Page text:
So, I may be doing some…

So, I may be doing some temping in Chicago this fall. It's all entirely unclear at the moment. But I'm starting to research it, just in case. Any of you done temping in Chicago? Can you recommend good agencies? I find word-of-mouth works best for this kind of thing...

7 thoughts on “So, I may be doing some…”

  1. Well, it has been a while since I temped but I did find that the bigger agencies more often had positions open than the smaller ones (Kelly, Manpower). Not sure about relative rates however.

  2. Heh. I think my Mom was a Kelly girl in Chicago back in the ’60’s. I used to think I’d grow up and move to Chicago (which is only 3.5 hours from where I grew up) and be a Kelly girl.

    You might also look into what the county/ city/ state requirements are to be a substitute high school teacher (and find out how much it pays per day). If I remember correctly, the requirements in Indiana were pretty low and it made it rather easy to get work doing that. It’s nice, too, because they call you when they need you and you can always just say you’re busy that day or that another township has already claimed you if you don’t want to go in. You also get it over with and are home by 3 or 4pm. I got a lot of reading done in some classes, and in others I got a charge out of explaining books to kids and getting them excited about their schoolwork for once. I know you’ve taught college and this is a step down, but I found it to be rewarding and easy money.

    My advice, though, is to never ever agree to be a sub for middle school kids. I did it once, for three days (half at the high school, half at the middle school) and even though I watched them like a hawk, those kids managed to throw books out the windows when I wasn’t looking. And they’re obnoxious and mean and full of energy. Very frustrating and not worth the money.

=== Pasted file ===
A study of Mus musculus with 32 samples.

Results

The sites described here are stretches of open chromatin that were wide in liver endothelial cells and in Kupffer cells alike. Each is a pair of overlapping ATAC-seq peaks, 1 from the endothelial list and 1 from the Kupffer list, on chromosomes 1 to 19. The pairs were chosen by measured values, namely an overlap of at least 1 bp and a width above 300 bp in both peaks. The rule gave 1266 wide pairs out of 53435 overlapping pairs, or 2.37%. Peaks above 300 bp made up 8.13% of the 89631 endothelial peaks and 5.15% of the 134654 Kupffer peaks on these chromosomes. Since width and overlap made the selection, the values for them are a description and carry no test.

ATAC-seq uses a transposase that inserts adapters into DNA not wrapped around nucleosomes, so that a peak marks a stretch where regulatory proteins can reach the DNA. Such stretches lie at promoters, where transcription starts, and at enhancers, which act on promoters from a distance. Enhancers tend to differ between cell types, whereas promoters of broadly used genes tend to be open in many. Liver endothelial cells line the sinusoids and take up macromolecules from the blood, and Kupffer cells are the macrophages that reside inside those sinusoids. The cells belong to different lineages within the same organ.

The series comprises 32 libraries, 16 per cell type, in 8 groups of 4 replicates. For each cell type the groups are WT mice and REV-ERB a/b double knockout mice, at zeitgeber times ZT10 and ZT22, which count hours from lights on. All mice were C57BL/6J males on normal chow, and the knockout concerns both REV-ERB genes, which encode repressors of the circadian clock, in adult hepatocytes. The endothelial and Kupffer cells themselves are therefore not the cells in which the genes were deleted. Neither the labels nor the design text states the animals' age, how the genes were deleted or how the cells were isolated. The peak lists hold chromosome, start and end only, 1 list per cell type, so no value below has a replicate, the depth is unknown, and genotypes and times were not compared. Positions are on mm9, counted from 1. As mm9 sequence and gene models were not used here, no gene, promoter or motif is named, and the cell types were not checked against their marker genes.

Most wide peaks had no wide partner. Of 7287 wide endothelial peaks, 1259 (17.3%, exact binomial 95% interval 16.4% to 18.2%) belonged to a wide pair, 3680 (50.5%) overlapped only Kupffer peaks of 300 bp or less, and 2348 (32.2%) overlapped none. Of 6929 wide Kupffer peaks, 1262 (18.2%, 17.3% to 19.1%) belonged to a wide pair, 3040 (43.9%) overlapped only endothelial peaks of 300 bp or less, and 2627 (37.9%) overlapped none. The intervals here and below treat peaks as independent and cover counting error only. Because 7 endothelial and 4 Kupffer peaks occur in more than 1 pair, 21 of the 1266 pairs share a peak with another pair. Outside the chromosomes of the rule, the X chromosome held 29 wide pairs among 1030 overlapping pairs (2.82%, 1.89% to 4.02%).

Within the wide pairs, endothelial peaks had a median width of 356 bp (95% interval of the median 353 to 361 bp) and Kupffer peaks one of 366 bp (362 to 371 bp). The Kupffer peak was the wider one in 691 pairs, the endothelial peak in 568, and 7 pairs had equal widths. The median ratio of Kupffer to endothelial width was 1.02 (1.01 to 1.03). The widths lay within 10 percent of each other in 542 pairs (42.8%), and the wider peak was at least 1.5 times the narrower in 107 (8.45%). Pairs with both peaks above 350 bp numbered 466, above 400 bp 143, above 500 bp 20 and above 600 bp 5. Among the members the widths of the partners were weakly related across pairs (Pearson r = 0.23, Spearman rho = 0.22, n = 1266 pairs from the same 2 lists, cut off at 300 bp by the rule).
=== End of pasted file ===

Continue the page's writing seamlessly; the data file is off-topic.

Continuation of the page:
3. I’ve sent resumes to Kelly and Manpower — there’s just hundreds of them in the phone book, and it’s hard to tell which ones are worth focusing on.

  4. Mary Anne, I’m not sure how it works today, but I always had the best experience with temp agencies not by emailing or mailing my resume, but by literally walking in the door and/or calling them directly.

    Unlike many companies they (at least years ago) would interview people on the spot, by being there in person I could make a good impression, could immediately demonstrate my technical skills (such as typing speed, professional manner, word processing ability etc), and not uncommonly would be asked about whether I was available for a project that same day (i.e. go out on the interviews pretty early in the morning).

    Just a thought – I would call Kelly and Manpower’s downtown offices, check their hours, and see if they have changed their policies (you might also just show up at one of them and see, even if it is not their normal policy anymore you stand a very good chance of talking to them).

    Another note about temping – it is very much all about being in contact and on the shortlist of the recruiter for the agency – i.e. return calls quickly, stay on their mind without calling too often, but demonstrate interest in getting a project. A few years ago I shared offices with a staffing firm, got a chance to watch them up close – they recieved 100’s of resumes, but only really worked with a very short stack of “good” candidates.

    Good luck!

  5. Ugh. It sounds like good advice, Shannon, but I just don’t wanna!

    This week is for e-mailing out resumes, I think. I’m in Oregon this weekend, and Toronto next, so I couldn’t take anything other than one-two-day gigs anyway. If I haven’t gotten any response by the time I get back from TorCon, then I suppose I’ll try stumping about.

  6. Heather, the substitute teacher thing actually sounds like it might be fun, but I have no idea where one would start to look it up. Help?